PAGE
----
Colon Cancer

At least two million Americans suffer from colon-related diseases. About 112,000 people are diagnosed with colon cancer annually; the disease causes more than 55,000 U.S. deaths each year.

Many experts believe that the average person has 5 to 20 pounds of accumulated waste matter in their colon. A blocked colon is a perfect breeding ground for parasites. Also, toxins accumulate in the digestive tract and this leads to poor digestion along with colon build up and other complications. This, in turn, leads to health problems that sometimes result in serious disease.


The digestive system removes and processes nutrients (vitamins, minerals, carbohydrates, fats, proteins, and water) from foods and helps pass waste material out of the body.

  • The colon, or large intestine, is part of the digestive system and is about 5-6 feet long and 2 1/2 inches in diameter. A muscular, hollow tube, the colon is at the end of the digestive tract where the body makes and stores stool.
  • Most cases of colon cancer begin as small, noncancerous clumps of cells. Usually, polyps that are smaller than a pea aren't harmful, but larger polyps could become cancer or may already be cancer.

Signs & Symptoms

Many people with colon cancer experience no symptoms in the early stages of the disease. When symptoms do appear, they will likely vary, depending on the cancer's size and location in the large intestine.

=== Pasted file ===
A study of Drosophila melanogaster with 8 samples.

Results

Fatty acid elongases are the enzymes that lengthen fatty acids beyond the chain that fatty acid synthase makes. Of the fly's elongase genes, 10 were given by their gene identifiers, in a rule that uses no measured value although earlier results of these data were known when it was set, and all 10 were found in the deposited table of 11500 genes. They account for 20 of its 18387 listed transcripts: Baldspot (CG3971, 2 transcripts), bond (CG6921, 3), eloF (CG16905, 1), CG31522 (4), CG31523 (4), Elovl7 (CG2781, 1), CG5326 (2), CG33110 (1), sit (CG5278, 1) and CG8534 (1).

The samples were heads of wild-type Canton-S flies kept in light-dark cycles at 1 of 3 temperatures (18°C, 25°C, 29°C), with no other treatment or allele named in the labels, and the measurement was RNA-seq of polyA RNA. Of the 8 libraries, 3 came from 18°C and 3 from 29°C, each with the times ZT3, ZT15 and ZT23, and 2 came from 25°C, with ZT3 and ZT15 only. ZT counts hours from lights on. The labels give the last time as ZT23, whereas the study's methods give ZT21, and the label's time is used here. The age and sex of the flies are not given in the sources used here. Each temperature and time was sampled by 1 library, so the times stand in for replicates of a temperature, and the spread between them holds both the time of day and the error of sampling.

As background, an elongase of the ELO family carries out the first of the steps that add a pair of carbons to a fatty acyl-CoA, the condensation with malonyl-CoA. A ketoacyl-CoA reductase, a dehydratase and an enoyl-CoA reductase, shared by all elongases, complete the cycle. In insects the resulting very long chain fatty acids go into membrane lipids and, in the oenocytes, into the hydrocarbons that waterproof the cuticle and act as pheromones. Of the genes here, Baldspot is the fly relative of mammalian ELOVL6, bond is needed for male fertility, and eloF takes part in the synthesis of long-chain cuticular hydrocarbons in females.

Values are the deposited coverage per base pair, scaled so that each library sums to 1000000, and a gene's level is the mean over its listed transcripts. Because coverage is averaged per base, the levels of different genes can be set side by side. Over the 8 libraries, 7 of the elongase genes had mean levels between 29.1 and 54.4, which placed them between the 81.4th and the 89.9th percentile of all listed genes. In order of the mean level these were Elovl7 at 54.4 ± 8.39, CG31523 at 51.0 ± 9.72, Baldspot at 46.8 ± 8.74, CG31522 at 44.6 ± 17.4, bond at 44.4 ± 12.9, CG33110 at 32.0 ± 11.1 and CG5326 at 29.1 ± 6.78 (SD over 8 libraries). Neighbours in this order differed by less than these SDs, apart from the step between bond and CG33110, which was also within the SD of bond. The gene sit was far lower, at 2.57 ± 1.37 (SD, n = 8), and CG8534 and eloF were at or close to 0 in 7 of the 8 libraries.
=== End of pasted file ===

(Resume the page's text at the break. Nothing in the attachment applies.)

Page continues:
• Signs and symptoms may include changes in bowel habits, blood in the stool, persistent cramping, gas, or abdominal pain.

Risk Factors

  • About 90 percent of people diagnosed with colon cancer are older than 50.
  • Sedentary lifestyle - When you're inactive, waste stays in your colon longer.
  • Diabetes
  • Obesity
  • Smoking and alcohol
  • Inflammatory intestinal conditions such as ulcerative colitis and Crohn's disease


Physicians recommend that people age 50 and older have a colonoscopy every three to 10 years, depending on their personal risk factors. Regular screening tests can identify polyps before they become cancerous.

  • The recommended daily fiber intake is 20 to 35 grams, but the average American intake is only 10 to 15 grams per day. Always increase fluids when you increase fiber. Add both soluble (bran, fruit, vegetables) and insoluble fiber (cereals, whole grains) from a variety of sources.
  • A Western type of diet (high intakes of meat, fat, refined grains, and dessert) affects insulin levels and insulin-like growth factors that help promote cancer's growth and metastases. Some studies have found an increased risk of colon cancer in people who eat diets high in red meat and processed meats.
  • Vitamins and minerals linked to a lower incidence of colon cancer include vitamin B6, calcium, folic acid, and magnesium.
  • New research suggests that colon cancer patients who eat a diet rich in fruits, vegetables, poultry, and fish can significantly lower the risk of their cancer returning.


U.S. National Library of Medicine, National Cancer Institute, Medical News Today, Mayo Clinic, HealthDay, National Digestive Diseases Information Clearinghouse, Colon Therapists Network, Womens Health Network, Ezinearticles, and Washington and Shady Grove Adventist Hospitals. The Health Tip of the Week is for educational purposes only. For additional information, consult your physician. Please feel free to copy and distribute this health resource.